BRIEF SYNOPSIS OF PAST Elkhorn Slough Reserve ROOKERY MONITORING 1985-2001
Description of Monitoring
Each year, the rookery comes alive with the cacophony of nesting herons, egrets, and cormorants and their rowdy offspring. Volunteers and ESNERR staff have been monitoring the rookery for over a decade. We track abundance of adults and active nests for the three breeding species, track their reproductive timing, estimate reproductive success, and assess colony impacts to the trees they use.
Changes in Abundance
Each of the three species currently nesting in the rookery has shown different patterns of abundance over time (see graph). One pair of Great Blue Herons first appeared in 1985. By 1992, there were about 30 nesting pairs. In recent years, however, the numbers have dropped to about half that. In contrast, Double-Crested Cormorants only began nesting in the rookery recently, in 1997. Their numbers increased dramatically; in 2001 we had about 80 nesting pairs. Great Egrets first arrived at the rookery in 1992. Since then, their numbers have remained relatively steady, probably in the 50s or 60s. (Counts in recent years on the graph represent only those birds visible from the levee; additional nests were hidden from view in trees further back.) We will continue to monitor abundance of these three species over time.
Our monitoring from just the past few years suggests that there are differences between species, and between years, in the timing of reproduction at the rookery. Herons begin (and complete) nesting first, followed by egrets, and then cormorants. Our data also suggest that breeding begins at different times between years. Combined with data from the nestbox monitoring, the rookery may serve as a sensitive indicator of biological responses to interannual climactic variation at the Slough.
While assessing reproductive success from afar is challenging, it is crucial. Each year, we attempt to count average number of juveniles per nest during two staff-led group census day in June and July. Our goal is not precision, but just a rough estimate. This should allow us to detect catastrophic breeding failures, so that we can mobilize efforts to test for DDT or search for other possible sources of problems if they arise.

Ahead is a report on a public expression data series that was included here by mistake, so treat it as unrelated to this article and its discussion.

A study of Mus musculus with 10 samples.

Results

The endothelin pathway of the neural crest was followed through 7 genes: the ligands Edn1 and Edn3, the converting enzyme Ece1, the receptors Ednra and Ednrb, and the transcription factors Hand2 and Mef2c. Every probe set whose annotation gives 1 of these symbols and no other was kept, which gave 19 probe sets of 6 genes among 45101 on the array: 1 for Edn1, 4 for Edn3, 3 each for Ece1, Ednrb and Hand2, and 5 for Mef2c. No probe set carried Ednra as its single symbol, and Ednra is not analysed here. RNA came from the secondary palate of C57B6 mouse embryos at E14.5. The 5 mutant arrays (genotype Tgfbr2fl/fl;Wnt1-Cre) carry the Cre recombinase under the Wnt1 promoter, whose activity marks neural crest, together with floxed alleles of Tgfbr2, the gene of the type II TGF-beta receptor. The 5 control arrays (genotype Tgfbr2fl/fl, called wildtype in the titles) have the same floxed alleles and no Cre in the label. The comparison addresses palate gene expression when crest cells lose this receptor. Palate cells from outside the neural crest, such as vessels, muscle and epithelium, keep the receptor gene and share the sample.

Consequences to Trees
Our monitoring also highlights dynamic plant-animal interactions. While the birds benefit from the presence of tall trees, the reverse is not at all true. Indeed, the birds appear rather rapidly to have lethal effects on the Monterey pines that host their nests. We will attempt to reconstruct from photos and notes the past patterns of tree colonization and death. For the future, we will record these patterns more carefully. In 2000, Kenton and Kerstin attached forestry tags to all of the Monterey pines in the rookery area. Annual censuses reveal how frequently new trees are colonized, and how long heavily occupied trees survive.
The size and success of this rookery is likely related in part to the quality of wetland habitats in the area. Indeed, the rookery first became established shortly after the restoration of nearby wetlands which provide a rich source of invertebrate and fish prey for both parents and their offspring. We track the rookery size and success as one indicator of the health of our wetlands. We also monitor the timing of reproduction which may be useful for tracking interannual climatic variation or long-term climate trends.
The rookery has been monitored since 1985. General trends in the data include a decrease in herons, increase in cormorants, and fairly steady numbers of egrets over time. The species vary in their reproductive timing. The trees they use are killed by guano cover within only a few years of colonization. In 2008, the rookery moved from the South Marsh Loop area of the main Reserve to the Seal Bend portion of the Reserve, in the eucalyptus grove adjacent to Moonglow Dairy.
How to get involved
If you are interested in carrying out rookery monitoring, contact Kerstin Wasson ( email ). Monitoring the rookery involves periodic surveys of the Seal Bend eucalyptus grove.